What Consumer Grade Light Bulbs are most like the Sunlight Spectrum?

What Consumer Grade Light Bulbs are most like the Sunlight Spectrum?

Full spectrum light bulbs are designed to emit light corresponding mainly to the visible portion of the solar spectrum. In order to have a more accurate reproduction of the sunlight spectrum, these lamps need to produce infrared and ultraviolet light as well.

In practice, however, no lamp can accurately reproduce the sunlight spectrum. Neither the continuous wavelength spectrum, nor the intensity of each wavelength, can be matched exactly. However, the artificial light of some bulbs can resemble the natural balanced light and have the same beneficial effect on humans.

Color Rendering Index (CRI) and the Color Temperature

The CRI or Color Rendering Index is a measure of the bulb’s ability to reproduce the colors of an object in comparison to the colors observed in natural light. This ability is measured with an index rating ranging from 0 to 100, where the value 100 corresponds to the color rendering of sunlight. A bulb with a minimum of 90 CRI is thought to reproduce sunlight quite satisfactorily.

The Color Temperature is another quantitative measure indicating the type of spectrum. For the solar spectrum the temperature is T = 5800K and a bulb of 5500K is thought to be an excellent full spectrum light bulb.

Different Types of Sunlight Lamps

As discussed above, full sunlight bulbs cannot reproduce the exact sunlight spectrum. However, there are available commercial bulbs that approximate this spectrum to a very satisfactory degree.

Although incandescent light provides us with a smooth and continuous spectrum, a 100 Watt standard incandescent bulb has a color temperature of only 2850K with a high proportion of yellow and red color. A type of incandescent bulb coated with neodymium is marketed as sunshine lamp, although the color temperature is far less than the limit of 5000K. However, it is important to note that the visual spectrum of the human eye does not fit the solar spectrum. So, these lamps may actually be beneficial, although not matching the sunlight.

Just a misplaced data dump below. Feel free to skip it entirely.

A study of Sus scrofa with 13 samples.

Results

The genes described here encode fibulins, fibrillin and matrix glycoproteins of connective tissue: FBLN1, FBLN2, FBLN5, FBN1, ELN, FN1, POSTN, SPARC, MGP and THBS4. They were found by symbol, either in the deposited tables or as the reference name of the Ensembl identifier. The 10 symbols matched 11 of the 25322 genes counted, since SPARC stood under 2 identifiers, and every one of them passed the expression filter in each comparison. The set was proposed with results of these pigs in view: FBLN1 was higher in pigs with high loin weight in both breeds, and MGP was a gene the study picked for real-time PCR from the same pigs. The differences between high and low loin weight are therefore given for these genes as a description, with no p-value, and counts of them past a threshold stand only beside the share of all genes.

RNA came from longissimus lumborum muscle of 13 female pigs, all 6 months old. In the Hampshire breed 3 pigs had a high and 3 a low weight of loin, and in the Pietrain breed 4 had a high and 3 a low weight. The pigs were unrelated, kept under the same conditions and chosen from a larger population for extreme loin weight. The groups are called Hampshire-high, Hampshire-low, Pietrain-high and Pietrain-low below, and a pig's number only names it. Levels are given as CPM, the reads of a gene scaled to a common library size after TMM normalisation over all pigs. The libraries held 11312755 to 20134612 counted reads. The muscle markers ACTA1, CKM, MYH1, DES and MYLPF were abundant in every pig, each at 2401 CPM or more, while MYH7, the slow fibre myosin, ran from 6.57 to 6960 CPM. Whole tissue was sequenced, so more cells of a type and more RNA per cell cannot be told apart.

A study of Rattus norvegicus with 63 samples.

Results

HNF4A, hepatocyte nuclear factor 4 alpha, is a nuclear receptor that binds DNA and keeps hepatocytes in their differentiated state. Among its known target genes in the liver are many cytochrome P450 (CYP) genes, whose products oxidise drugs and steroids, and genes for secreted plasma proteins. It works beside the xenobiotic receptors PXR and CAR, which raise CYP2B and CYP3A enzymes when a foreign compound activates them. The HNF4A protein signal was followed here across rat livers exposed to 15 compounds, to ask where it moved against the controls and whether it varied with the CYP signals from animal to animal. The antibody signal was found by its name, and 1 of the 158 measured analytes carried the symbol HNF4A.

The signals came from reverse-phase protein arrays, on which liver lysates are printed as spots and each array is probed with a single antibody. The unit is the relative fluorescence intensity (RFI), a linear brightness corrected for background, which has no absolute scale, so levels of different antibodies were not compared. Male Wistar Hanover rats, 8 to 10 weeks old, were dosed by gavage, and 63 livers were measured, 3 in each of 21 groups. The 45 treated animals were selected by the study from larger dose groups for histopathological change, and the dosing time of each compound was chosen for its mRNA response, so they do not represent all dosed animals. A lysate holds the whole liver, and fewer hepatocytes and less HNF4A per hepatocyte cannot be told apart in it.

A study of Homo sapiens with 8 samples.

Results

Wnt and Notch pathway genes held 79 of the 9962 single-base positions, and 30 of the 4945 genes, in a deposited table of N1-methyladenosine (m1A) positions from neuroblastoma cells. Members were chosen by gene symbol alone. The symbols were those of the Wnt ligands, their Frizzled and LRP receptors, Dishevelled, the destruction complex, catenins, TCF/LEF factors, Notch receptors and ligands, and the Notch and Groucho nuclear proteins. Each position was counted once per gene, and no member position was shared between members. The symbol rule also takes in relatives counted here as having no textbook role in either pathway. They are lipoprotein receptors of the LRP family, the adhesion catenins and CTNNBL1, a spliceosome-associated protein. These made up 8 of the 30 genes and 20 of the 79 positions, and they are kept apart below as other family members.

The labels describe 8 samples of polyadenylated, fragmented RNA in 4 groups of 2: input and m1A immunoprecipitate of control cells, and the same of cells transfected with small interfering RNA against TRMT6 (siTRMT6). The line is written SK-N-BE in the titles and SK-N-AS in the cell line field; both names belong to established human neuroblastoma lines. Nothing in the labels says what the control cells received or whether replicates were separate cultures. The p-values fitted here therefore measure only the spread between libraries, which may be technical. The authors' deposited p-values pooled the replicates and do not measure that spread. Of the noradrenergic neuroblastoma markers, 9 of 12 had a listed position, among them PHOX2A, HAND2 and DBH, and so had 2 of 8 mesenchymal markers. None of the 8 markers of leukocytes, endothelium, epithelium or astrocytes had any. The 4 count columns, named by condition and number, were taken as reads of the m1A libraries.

Compact Fluorescent Lamps or CFLs are more versatile. They are available in a wide range of temperatures reaching the values of 5000 and 6000K as well. Fluorescent lamps display continuous spectra combined with discrete lines or spikes. The availability of such a wide range of CFLs is due to the mix of phosphors inside the tube. Each of them emits a discrete color, thus the addition of extra phosphors increases the CRI of the lamp (~80) along with its price.

LEDs can also be used to mimic the natural sunlight through a device called the “LED solar simulator.” Although LED technology is very promising, no real market exists on this area yet.

Other types of lamps, such as the Mercury-Vapor lamps and High Intensity Discharge lamps (HID), may have good color temperature but their light spectrum appears fractured.

Comparison of an Incandescent and Two Fluorescent Bulbs of Different Temperatures or Colors

Benefits of Full Sunlight Lamps

But is there any need for full sunlight lamps? The use of full spectrum lightning has a range of benefits, as claimed by the manufactures and possibly other supporters of this technology. The degree of these benefits depends on the manufacturing quality and the matching degree to the solar spectrum:

  • People that suffer from SAD or Seasonal Affective Disorder, find overcast days and low intensity light extremely depressive. These people are in need of light therapy in order to help them feel more energetic and vigorous. Sunlight lamps are thought to improve a condition like this.
  • Full spectrum lightning is believed to be beneficial when used in workspaces, offices and other close spaces, since it can increase an individual’s productivity and effectiveness
  • It reduces eyestrain, headaches, and stress, especially during studying or performing another similar task.
  • It is used in museums, art galleries and similar places where color discrepancies are very important in enhancing the aesthetic effect of the art works being displayed.

The Spectrum of a Compact Fluorescent Bulb

Compact Fluorescent Lamp Spectrum

How to Choose a High Quality Sunlight Spectrum Bulb

The quality of such bulbs is highly dependent on the manufacturing company. When choosing full spectrum bulbs, their specifications should be thoroughly examined. First of all, the lighting design engineer (or the consumer) must pay attention to the spectrum graph of the lamp. The spectrum must be as continuous as possible, without any discontinuities or spikes on the line of the spectrum graph. These lamps also emit infrared and ultraviolet wavelengths, which should be blocked by protective filters, in order to be safe for commercial use.

Finally, the inexpensive and very popular “cool white” bulbs have low values of CRI and color temperature. They are not true full spectrum light bulbs and can cause eyestrain problems.